Saturday, September 17, 2016
Gekkan Shoujo Nozaki-kun: Self-Reflection Through Simplicity and Similarity
I recently finished rewatching a wonderfully charming slice of life romance anime called Gekkan Shoujo Nozaki-kun. If you are like me, you sometimes just find the need to escape from all the bad news and drama of life into something that just relaxes and entertains. I suspect that for many people comedies fulfill this role, however, sometimes I find that comedies, while being amusing, sometimes just can't do the trick. Sometimes one simply needs something that is not too serious, but at the same time isn't too frivolous so that one doesn't reflect on everything. Nozaki-kun fits expertly into this happy medium.
The basic plot follows Chiyo Sakura and her friends as they navigate high school and help the show's namesake character, Umetaro Nozaki, work on his shojo manga Let's Fall In Love.
Unlike an action anime like Attack on Titan or Code Geass, where you are in so much suspense that you can't stop watching because you just have to know if whatever problem the characters find themselves in will be resolved, there is no such suspense in this anime. Each episode is pretty simple with the various characters doing various everyday things with not much suspense at all. Aside from Nozaki being a published manga artist while still in high school and living by himself, no one really does anything that couldn't conceivably be done by a normal real-life high schooler.
While there is, of course, the slight exaggeration of what counts as everyday life that just comes with tv, the characters find themselves in situations that most people can picture themselves being in. I believe that the anime is able to accomplish this by its heavy focus on characters internal emotions. Nearly everyone has found themselves in a situation where they are with someone they have a crush on and end up overanalyzing everything they say or do or just saying something stupid, even if they haven't found themselves doing the same activities.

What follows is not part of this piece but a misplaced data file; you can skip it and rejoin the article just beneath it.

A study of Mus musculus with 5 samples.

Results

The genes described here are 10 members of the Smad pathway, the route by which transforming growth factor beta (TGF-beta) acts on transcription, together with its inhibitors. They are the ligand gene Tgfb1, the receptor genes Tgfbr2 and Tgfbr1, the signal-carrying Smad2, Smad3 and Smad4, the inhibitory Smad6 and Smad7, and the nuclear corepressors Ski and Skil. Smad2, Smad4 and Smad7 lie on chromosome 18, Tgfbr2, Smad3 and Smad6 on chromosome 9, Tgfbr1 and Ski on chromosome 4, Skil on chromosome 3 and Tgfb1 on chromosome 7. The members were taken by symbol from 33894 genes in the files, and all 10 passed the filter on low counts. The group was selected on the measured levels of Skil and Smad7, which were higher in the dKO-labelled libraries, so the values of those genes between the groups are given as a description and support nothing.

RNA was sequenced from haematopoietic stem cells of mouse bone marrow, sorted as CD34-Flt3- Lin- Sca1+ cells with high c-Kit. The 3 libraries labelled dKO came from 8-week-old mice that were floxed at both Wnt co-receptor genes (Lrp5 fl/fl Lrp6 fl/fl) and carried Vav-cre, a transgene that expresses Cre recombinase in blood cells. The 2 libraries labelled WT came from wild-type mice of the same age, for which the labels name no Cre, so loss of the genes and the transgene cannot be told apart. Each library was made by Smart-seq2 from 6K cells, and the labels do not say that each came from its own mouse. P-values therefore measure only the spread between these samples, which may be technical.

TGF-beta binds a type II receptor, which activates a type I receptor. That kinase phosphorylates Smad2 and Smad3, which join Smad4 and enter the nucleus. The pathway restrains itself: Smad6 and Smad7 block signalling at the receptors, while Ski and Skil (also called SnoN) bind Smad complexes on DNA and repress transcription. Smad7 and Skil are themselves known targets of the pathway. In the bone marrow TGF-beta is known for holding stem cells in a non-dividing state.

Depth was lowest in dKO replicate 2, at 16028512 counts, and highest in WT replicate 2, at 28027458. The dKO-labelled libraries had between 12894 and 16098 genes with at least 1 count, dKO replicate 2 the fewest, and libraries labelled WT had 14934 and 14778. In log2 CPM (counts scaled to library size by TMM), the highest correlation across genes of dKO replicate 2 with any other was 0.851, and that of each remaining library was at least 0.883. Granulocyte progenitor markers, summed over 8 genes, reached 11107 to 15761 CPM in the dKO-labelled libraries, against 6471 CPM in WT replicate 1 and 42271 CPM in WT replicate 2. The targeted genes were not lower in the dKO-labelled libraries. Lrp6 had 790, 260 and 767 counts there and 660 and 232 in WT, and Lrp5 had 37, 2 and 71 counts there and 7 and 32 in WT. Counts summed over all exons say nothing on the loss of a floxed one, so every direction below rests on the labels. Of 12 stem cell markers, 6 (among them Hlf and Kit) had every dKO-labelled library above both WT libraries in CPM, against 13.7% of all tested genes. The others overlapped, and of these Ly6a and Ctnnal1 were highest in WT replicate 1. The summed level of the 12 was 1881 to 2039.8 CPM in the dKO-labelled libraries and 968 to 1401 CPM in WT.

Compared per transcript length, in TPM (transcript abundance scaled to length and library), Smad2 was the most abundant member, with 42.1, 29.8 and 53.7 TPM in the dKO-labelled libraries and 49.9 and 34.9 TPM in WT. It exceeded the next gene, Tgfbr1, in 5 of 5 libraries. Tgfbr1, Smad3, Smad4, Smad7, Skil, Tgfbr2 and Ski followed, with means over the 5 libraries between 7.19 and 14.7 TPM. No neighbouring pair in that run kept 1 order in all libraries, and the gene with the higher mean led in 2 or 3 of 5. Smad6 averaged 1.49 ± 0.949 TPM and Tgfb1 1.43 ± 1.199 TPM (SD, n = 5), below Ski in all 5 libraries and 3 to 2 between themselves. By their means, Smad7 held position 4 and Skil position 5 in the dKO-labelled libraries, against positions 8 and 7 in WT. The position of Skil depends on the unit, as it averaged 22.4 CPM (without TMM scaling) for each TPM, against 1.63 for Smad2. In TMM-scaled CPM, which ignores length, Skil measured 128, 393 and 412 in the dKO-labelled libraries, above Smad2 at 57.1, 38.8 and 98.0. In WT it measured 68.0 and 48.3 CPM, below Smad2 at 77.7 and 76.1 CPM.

I should clarify, however, that the show actually only lets us eavesdrop on some characters emotions and not others. This difference is actually very important and ends up demonstrating much more. A pattern develops that I think conveys one of the main takeaways from the series; no matter how well you can get to know other people, the hardest person to really know is thyself.
In a sense, the core plot of the anime is Nozaki's inability to understand himself while being able to understand other people to a pretty good, albeit imperfect, extent and the ongoing consequences of this failure of insight. Nozaki is able to read many of his friends very well, and as a result uses them as the basis for the characters in his anime. Of course, since everyone has trouble knowing themselves', none of the character models catch onto the trick. Sometimes Nozaki demonstrates some rather good insights, but at other times he is so dumb you want to smack him upside the head and ask how he can be so clueless.
I previously said that this is a good anime if you don't want very much tension or drama. I believe that the calming state of mind that is created by watching the show actually serves to facilitate working to solve the problem the show demonstrates again and again; knowing thyself. If the show had been about brave heroes fighting monsters or engaged on a heroic quest, it is quite unlikely that a viewer would be moved towards self-reflection as a result of a character's flaws, but because the characters of Nozaki-kun are relatable and on our level, the viewer is naturally drawn to analyze his own life.
If you are looking to take a break from the hustle and bustle of life and watch a charming and funny anime that can't help but make you relax, then Nozaki-kun is what you're looking for. And perhaps, it might even initiate some healthy self-reflection.